Pempel puts his ‘time to good use’
Everywhere he’s lived, Dan Pempel has been a servant to the youth and the rest of his community. Since he retired and moved to Cumberland County in 2003, that community has been here in the Heart of Virginia.
Upon moving here from New York, Pempel joined the Farmville Volunteer Fire Department (FVFD) and has worked for it consistently since then.
He also volunteers for Cumberland 4-H, providing instruction in shooting sports.
“And I was helping out with the (junior) ROTC rifle team in Cumberland, because I liked coaching,” Pempel said. “When I came down here, I had plenty of time, so I decided to put my time to good use.”
He was born and raised in the village of Valley Stream on Long Island in Nassau County, New York. While serving as an airline customer service agent for his primary job, he began volunteering as a firefighter in 1973 for the Valley Stream Fire Department.
“My father was a volunteer in Valley Stream also,” Pempel said, “and I went to one of the functions down in the fire department, and I was working nights at the time. And when they found out I was working nights, they more or less wanted me, and I joined because they’re usually always short on daytime firemen.”
He noted that his sons were involved with high school athletics, and they both became involved in shooting sports on the rifle team. This helped draw him into an extended run as a shooting coach.
Sponsoring most of the sports in the area was the Nassau County Police Athletic League, now known as the Nassau County Police Activity League, he said.
“I wound up coaching with (the) Police Athletic League for probably 20-plus years,” Pempel said.
He added that his son, Daniel, was an excellent shooter on the rifle team, and it helped him get into the U.S. Air Force Academy. And then Pempel’s other son, John, wanted to join the team, also proving to be a good shot. Pempel was coaching three nights a week.
“And then I wound up at the high school, because the coach retired there, and they were state champions,” he said. “They were looking for a coach, so I came home and my son says, ‘Hey, we need a coach. You want to go down and talk?’ So my son drafted me for that one.”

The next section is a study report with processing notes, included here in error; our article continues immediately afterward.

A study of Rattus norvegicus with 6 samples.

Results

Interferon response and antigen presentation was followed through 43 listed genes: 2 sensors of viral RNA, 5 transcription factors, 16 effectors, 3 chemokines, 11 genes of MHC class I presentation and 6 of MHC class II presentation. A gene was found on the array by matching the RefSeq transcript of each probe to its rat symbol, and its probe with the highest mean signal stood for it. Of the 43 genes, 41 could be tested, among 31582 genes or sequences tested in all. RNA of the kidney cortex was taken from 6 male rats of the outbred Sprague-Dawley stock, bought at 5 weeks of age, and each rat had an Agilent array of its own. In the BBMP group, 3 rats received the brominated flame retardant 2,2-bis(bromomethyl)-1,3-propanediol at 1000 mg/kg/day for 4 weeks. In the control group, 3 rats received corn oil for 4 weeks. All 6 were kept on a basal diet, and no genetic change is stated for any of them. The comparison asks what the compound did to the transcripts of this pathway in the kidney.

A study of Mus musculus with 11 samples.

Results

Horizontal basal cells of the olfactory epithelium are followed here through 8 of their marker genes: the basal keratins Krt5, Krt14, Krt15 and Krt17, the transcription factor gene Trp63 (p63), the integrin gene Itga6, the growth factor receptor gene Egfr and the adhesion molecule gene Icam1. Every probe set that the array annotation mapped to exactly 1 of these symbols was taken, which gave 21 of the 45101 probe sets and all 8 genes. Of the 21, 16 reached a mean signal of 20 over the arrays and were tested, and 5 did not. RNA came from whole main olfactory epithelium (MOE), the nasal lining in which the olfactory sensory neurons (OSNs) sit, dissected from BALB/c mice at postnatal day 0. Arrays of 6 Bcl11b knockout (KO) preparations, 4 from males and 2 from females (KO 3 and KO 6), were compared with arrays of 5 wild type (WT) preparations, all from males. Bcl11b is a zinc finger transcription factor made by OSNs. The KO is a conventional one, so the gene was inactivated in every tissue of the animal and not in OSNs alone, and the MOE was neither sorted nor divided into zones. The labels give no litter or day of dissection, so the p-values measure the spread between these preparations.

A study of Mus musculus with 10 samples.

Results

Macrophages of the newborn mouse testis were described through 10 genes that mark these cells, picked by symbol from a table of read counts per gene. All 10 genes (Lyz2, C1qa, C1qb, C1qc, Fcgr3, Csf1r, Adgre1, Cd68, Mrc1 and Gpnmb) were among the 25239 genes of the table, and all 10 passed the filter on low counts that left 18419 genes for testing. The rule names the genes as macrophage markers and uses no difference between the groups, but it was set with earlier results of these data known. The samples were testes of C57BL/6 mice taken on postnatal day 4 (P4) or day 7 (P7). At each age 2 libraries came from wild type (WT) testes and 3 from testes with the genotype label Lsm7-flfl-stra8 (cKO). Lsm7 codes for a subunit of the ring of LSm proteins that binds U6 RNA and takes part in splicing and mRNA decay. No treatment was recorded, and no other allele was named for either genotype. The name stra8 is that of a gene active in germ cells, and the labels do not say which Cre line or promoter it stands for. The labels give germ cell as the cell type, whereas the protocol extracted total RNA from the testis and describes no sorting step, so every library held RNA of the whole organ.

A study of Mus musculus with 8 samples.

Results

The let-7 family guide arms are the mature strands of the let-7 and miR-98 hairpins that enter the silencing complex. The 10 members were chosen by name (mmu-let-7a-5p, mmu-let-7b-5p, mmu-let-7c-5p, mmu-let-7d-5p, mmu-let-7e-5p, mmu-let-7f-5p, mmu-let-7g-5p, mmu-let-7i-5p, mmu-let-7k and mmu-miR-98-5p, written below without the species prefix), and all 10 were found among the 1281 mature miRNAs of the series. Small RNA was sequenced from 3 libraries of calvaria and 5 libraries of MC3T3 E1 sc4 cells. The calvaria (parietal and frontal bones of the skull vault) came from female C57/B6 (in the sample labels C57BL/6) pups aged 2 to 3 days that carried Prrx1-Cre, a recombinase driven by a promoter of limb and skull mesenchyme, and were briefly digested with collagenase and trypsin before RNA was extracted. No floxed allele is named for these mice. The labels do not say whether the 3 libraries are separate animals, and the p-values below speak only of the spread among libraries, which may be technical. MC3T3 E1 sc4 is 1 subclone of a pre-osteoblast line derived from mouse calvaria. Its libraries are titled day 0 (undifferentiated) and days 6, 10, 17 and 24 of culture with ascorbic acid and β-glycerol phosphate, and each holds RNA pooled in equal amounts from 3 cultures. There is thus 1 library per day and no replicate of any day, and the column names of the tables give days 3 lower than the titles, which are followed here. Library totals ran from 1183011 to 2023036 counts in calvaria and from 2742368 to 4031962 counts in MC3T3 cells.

Pempel said he found shooting was a good fit for some student-athletes who did not want to participate in sports like track.
“With shooting, it’s basically, I’d say, 60 percent all concentration,” he said, adding that the development of student-athletes’ ability to concentrate for sustained periods of time aided their academic performance as well.
John Pempel went on to work for the Valley Stream Fire Department.
After 38 years as an airline worker, Dan Pempel elected to retire and bought a house near his mother-in-law and sister-in-law, who live in Farmville.
Following Pempel’s start with the FVFD, the Randolph District Volunteer Fire Department in Cumberland became operational.
“So I’ve been running calls on both of them then,” he said.
For the last six years, he has also been taking photos at the scene of fires for The Herald.
“I was starting to get a little old for going in (to) the fires in the building,” said Pempel, who is 72. “So I had a camera, so if they had enough people, I took pictures and let the younger guys do the work.”
He is also involved in the Old Dominion Historical Fire Society.
“We’re preserving antique fire trucks, and I was volunteered to help or set up the antique fire truck musters (shows) at Wilck’s Lake,” he said.
Additionally, Pempel noted he is a member of the Heart of Virginia Classic Auto Club, “because I’m into antique cars too.”
In terms of what motivated him to become involved in community service, he said, “I more or less just wanted to keep occupied, do something, and when I started with the firehouse, I enjoyed doing that, and we did a lot of stuff with them.”
He said he enjoys the camaraderie he experiences as a firefighter as well as some of the competitive activities that different companies within the fire department take part in.
And then when it comes to coaching shooting, he said he has enjoyed that activity because the young people have been interested and wanted to be a part of it.
“So, I more less just said, ‘OK, as long as they’re interested, I’ll keep on coaching,’” Pempel said.